This latest novel by the Chinese writer A Yi is a quick read, not just because it's a bit over 200 pages, but because it's a crime novel narrated by the killer himself, so...
I'm always intrigued by stories like this, because writers can delve into the psychologies of their main characters and dredge up some qualities that we might see within ourselves. I'm thinking here, for instance, about Highsmith's The Talented Mr. Ripley and Hughes's In a Lonely Place. And this is precisely what Yi does with his unnamed, muderous teenaged narrator, bringing us into his mind as he plans and then executes his crime.
Within a couple of hundred pages, Yi takes us from the narrator's planning stage, through the murder, and ultimately to the trial and sentencing. Yet, the entire time I was reading, I felt like I was waiting for something that never came. I wanted something more horrifying, more bizarre. But perhaps that was Yi's point- this unnamed teenager could be any teenager who has become so bored and disenchanted that only murder could make him feel alive. During the trial, after everyone has tried and failed to figure out why the narrator murdered his classmate, he finally explains, "I did it for a reaction."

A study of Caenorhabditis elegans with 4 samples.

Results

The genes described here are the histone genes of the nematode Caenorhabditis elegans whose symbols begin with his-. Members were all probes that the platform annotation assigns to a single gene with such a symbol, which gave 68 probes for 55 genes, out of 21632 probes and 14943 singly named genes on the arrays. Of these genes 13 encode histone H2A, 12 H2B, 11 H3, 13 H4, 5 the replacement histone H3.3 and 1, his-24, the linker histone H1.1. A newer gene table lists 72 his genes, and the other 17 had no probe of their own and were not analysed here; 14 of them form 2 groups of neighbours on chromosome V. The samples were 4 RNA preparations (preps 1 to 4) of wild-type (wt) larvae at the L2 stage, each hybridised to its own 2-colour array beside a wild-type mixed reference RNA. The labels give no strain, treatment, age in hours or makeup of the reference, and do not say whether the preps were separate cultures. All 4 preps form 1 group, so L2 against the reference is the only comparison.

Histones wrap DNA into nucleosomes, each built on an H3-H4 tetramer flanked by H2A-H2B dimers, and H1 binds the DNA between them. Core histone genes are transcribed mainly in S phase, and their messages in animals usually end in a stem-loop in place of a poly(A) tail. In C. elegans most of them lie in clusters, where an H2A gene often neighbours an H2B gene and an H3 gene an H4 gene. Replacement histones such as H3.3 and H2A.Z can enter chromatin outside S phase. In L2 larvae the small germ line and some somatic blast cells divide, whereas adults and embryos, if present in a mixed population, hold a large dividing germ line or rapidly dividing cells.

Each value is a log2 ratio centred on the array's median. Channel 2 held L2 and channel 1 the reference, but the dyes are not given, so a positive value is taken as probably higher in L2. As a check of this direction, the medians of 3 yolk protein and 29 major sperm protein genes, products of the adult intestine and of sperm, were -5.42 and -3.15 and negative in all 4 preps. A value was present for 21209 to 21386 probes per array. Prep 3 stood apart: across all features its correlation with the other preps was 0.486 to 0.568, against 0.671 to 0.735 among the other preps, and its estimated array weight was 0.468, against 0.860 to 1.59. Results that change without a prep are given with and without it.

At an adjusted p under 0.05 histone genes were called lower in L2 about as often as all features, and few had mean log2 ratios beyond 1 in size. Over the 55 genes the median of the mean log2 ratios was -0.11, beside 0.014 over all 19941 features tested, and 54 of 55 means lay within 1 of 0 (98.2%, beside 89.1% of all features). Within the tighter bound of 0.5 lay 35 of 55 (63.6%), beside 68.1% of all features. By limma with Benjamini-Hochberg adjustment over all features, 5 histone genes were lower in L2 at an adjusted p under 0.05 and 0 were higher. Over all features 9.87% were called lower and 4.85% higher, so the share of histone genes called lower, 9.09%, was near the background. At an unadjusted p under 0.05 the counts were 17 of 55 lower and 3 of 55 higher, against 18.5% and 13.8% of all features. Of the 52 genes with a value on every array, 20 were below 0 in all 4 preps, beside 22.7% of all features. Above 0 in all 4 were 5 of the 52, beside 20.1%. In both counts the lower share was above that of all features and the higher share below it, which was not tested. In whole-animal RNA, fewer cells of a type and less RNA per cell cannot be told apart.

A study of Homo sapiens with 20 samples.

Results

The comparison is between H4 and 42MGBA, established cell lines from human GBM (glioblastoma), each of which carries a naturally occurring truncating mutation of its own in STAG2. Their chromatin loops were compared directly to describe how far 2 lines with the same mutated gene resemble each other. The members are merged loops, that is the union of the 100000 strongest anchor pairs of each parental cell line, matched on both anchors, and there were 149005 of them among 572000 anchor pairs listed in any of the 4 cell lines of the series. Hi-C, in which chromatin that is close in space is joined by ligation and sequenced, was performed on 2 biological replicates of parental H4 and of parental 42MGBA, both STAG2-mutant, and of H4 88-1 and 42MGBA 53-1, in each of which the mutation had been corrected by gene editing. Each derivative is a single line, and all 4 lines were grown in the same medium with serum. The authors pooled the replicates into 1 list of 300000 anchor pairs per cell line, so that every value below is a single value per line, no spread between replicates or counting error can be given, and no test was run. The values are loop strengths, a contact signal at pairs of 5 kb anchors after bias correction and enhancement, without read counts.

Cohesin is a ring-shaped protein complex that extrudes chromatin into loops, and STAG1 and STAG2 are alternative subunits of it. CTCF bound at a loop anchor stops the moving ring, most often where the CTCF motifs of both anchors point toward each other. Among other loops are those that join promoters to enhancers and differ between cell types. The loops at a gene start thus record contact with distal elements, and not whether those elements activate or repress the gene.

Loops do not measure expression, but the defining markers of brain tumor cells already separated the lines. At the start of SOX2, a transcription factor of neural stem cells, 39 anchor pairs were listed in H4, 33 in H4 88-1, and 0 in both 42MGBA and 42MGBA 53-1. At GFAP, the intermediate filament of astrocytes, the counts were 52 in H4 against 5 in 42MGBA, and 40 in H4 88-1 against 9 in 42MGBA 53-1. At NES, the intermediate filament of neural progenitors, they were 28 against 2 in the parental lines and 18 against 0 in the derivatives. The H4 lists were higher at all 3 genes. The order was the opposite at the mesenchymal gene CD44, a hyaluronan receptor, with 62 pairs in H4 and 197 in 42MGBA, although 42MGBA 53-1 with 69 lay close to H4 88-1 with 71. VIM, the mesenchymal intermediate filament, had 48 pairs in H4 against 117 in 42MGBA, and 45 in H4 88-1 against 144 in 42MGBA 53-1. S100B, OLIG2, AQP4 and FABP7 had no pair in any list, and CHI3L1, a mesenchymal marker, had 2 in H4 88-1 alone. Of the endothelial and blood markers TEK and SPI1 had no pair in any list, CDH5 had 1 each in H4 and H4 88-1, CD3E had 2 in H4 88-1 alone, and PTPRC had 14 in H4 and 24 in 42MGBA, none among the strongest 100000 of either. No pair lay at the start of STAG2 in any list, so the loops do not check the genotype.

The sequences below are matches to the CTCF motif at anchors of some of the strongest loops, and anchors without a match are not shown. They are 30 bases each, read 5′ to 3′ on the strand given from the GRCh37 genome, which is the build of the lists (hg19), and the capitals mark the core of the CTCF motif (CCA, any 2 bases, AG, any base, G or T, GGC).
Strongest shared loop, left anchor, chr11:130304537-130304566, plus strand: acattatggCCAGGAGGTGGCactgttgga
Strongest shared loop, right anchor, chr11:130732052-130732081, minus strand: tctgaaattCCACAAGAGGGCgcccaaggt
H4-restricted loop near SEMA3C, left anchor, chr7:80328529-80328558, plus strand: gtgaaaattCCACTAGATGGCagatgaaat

Much of the narration is unexceptional, but here and there, the narrator suddenly waxes poetic, as when he's comparing himself to his retired neighbor: "[w]e're both the lowest forms of trash, me and him, a fate from which we can't escape. Every day we long for the planes in the sky to throw out a rope and pull us up, to take us away somewhere more fulfilling. Even if where they take us affords us no freedom. But there are no such things as miracles, so instead we must endure this aching passage of time." And then there's his bizarre hallucinatory sequence in solitary confinement after he's captured, when he imagines himself as a fictional character in someone's novel. (After the trial ends, though, he declares "I was me, not some fictional character.").
Most of the other characters in the book are two-dimensional, but we could attribute that to the narrator's perspective, since he has become so deadened to the world around him that everyone, even his family, seems flat and uninteresting. And what about the title, "A Perfect Crime"? When I see that phrase, I automatically think of a crime that's been well covered-up. This teenager's murder of his classmate, though, is the opposite of that. So what does "perfect" mean here? A crime that is committed without hate or bitterness toward the victim? But why would that make it "perfect"?
This novel left me puzzled and I'm not really sure what to do with it. It would do well, I believe, under intense analytical scrutiny, but on the surface-level, it's befuddling.